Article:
How can Education Providers prevent Young People from becoming involved in Knife Crime?

With the volume of knife and sharp instrument offences increasing year-on-year, more and more young people feel it’s necessary to carry knives in order to make them feel safe. Since March 2011 the volume of offences involving knives or sharp instruments has increased by 44%.

We take a look at this epidemic and what can be done by education providers to help prevent young people becoming involved in a culture of knife crime.

How can Education Providers prevent Young People from becoming involved in Knife Crime?

Why do young people carry knives?

Many young people who carry knives say they do so because they don’t feel safe or protected on the streets. Statistics show that knife crime tends be concentrated in metropolitan areas. In the year ending June 2019, 32% of all offences involving a knife or sharp instrument happened in London and the highest rates after London were seen in urban areas of Greater Manchester, West Midlands and West Yorkshire.

They say knives are an easily available form of protection. “You only need to go into your kitchen drawer and there is a knife in there.”

Some young people also say they carry knives because it has become the norm in their community and it gives them confidence whilst out with friends. In addition, some young people feel that carrying a knife gives them a sense of belonging to a community.

What can be done to prevent knife crime and educate young people?

Research has shown that knife crime is a symptom of wider problems in communities, with young people turning to this crime out of boredom and having a lack of opportunities or skills. As a result it’s important to tackle the underlying causes of violent crime in communities and provide young people with opportunities to develop skills for building a career and having a life outside of crime. Vital to this is prevention and early intervention. Education providers can play a key part in prevention by ensuring that all study programmes include important personal development and employability topics, so when young people leave education they have the skills required for a successful career.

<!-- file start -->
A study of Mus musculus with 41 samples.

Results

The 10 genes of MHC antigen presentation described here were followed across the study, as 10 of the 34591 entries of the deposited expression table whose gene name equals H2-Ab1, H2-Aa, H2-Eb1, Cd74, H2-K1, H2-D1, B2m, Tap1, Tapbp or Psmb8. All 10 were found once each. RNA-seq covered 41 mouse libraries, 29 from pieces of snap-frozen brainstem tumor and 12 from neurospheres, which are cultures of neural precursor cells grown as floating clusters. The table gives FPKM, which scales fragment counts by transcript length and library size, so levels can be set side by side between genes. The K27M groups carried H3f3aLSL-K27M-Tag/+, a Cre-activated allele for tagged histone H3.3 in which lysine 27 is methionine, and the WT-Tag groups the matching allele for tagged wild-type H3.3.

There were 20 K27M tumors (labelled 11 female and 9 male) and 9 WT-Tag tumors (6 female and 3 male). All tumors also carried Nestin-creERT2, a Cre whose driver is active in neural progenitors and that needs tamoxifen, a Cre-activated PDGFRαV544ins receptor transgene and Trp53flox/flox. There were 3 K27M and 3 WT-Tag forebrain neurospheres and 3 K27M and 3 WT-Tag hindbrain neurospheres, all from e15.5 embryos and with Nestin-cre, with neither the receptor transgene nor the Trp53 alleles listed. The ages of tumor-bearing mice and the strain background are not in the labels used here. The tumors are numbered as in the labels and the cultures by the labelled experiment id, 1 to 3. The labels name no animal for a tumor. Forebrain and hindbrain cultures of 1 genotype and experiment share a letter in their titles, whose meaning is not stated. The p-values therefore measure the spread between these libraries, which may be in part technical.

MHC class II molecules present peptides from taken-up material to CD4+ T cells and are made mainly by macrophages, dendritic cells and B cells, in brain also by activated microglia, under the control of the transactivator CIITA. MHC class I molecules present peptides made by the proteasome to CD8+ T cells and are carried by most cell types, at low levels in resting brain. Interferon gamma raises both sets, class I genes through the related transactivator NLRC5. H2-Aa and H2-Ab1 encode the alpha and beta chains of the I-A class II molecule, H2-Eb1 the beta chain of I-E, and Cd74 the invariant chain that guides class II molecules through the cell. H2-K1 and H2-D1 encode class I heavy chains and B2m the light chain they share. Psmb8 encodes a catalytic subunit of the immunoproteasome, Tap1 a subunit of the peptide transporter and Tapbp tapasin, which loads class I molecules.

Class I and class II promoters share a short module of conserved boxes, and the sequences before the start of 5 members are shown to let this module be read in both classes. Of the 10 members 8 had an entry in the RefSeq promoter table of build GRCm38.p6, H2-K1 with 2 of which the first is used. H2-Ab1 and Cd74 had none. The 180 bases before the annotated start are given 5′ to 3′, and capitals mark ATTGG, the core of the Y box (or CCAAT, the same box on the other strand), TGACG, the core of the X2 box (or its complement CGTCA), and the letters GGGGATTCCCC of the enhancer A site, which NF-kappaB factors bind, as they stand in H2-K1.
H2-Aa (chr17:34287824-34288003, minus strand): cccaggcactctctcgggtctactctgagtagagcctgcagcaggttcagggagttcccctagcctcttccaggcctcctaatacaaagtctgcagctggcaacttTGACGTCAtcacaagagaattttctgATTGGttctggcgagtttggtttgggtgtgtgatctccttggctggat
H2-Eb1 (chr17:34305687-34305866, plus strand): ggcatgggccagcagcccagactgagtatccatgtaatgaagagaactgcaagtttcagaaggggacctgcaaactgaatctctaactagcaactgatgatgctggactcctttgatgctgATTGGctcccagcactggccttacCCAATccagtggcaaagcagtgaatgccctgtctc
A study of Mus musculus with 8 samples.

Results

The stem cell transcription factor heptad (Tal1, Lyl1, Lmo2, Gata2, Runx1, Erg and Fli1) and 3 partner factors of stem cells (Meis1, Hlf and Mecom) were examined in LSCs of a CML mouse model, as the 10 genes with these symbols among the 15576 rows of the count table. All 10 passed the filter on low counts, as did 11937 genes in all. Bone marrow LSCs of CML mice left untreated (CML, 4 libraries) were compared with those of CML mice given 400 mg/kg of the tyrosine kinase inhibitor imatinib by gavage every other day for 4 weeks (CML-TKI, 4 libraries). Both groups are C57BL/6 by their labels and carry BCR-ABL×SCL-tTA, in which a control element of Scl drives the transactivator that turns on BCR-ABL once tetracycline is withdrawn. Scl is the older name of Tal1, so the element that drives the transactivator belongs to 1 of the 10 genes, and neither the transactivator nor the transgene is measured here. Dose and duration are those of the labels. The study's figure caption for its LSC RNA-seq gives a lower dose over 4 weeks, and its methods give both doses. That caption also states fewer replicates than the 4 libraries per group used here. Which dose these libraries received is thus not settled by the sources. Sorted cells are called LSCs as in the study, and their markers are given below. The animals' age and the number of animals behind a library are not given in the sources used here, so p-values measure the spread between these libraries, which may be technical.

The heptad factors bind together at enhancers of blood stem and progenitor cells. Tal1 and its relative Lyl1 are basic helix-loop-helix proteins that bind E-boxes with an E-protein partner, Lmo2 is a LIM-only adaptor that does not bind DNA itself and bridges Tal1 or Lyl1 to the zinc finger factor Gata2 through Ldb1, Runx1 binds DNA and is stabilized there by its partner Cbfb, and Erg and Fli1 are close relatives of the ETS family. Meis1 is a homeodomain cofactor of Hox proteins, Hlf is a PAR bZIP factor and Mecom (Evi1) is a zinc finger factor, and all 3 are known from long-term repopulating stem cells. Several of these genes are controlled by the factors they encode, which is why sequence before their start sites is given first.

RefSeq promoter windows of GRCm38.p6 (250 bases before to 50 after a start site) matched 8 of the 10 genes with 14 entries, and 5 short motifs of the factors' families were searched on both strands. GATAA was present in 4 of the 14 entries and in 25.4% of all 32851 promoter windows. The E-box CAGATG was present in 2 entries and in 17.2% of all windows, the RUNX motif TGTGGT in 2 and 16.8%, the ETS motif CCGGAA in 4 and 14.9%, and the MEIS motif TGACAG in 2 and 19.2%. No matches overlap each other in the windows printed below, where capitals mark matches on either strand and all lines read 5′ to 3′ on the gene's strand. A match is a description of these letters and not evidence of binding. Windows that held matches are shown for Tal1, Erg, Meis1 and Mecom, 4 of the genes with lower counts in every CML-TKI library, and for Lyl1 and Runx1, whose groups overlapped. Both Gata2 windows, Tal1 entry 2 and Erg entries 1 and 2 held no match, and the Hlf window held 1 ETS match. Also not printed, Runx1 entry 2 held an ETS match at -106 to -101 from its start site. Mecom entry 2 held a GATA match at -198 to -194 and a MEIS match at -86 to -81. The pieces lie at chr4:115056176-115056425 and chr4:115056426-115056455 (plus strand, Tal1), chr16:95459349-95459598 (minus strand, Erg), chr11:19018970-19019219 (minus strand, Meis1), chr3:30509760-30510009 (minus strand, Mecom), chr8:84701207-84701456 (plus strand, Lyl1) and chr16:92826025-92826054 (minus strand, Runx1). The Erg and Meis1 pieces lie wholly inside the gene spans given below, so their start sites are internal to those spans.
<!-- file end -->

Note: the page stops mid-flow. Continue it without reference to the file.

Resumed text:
Providing young people in education, who are at risk of involvement in crime, with a safe place is key for early intervention and steering them onto another path. This should be somewhere they can go for help, support and to talk to someone who understands and can offer advice on avoiding criminal activity.

Another element of preventing knife crime that can be actioned by education providers is educating learners on staying safe and the dangers of crime. As a direct response to this we’ve created a Level 1 Award in Personal Safety, which explores the impacts of crime, drugs and alcohol, and how to stay safe in an emergency. This is suitable for a range of learners including young people wishing to pick up an Award as part of another learning programme and young people aged 14–19 who are in various learning environments. In addition these qualifications may be used as a stand-alone course. The aims of the qualification are to enable learners:

  1. To understand principles of own personal safety
  2. To understand the impact of crimes on society
  3. To understand the impact of drug and alcohol on society
  4. To know the actions to take in an emergency

Included in this Short Online Qualification is the Government’s ‘Stay Safe’ Principles of Run, Hide and Tell – which educates learners on what to do in a knife attack.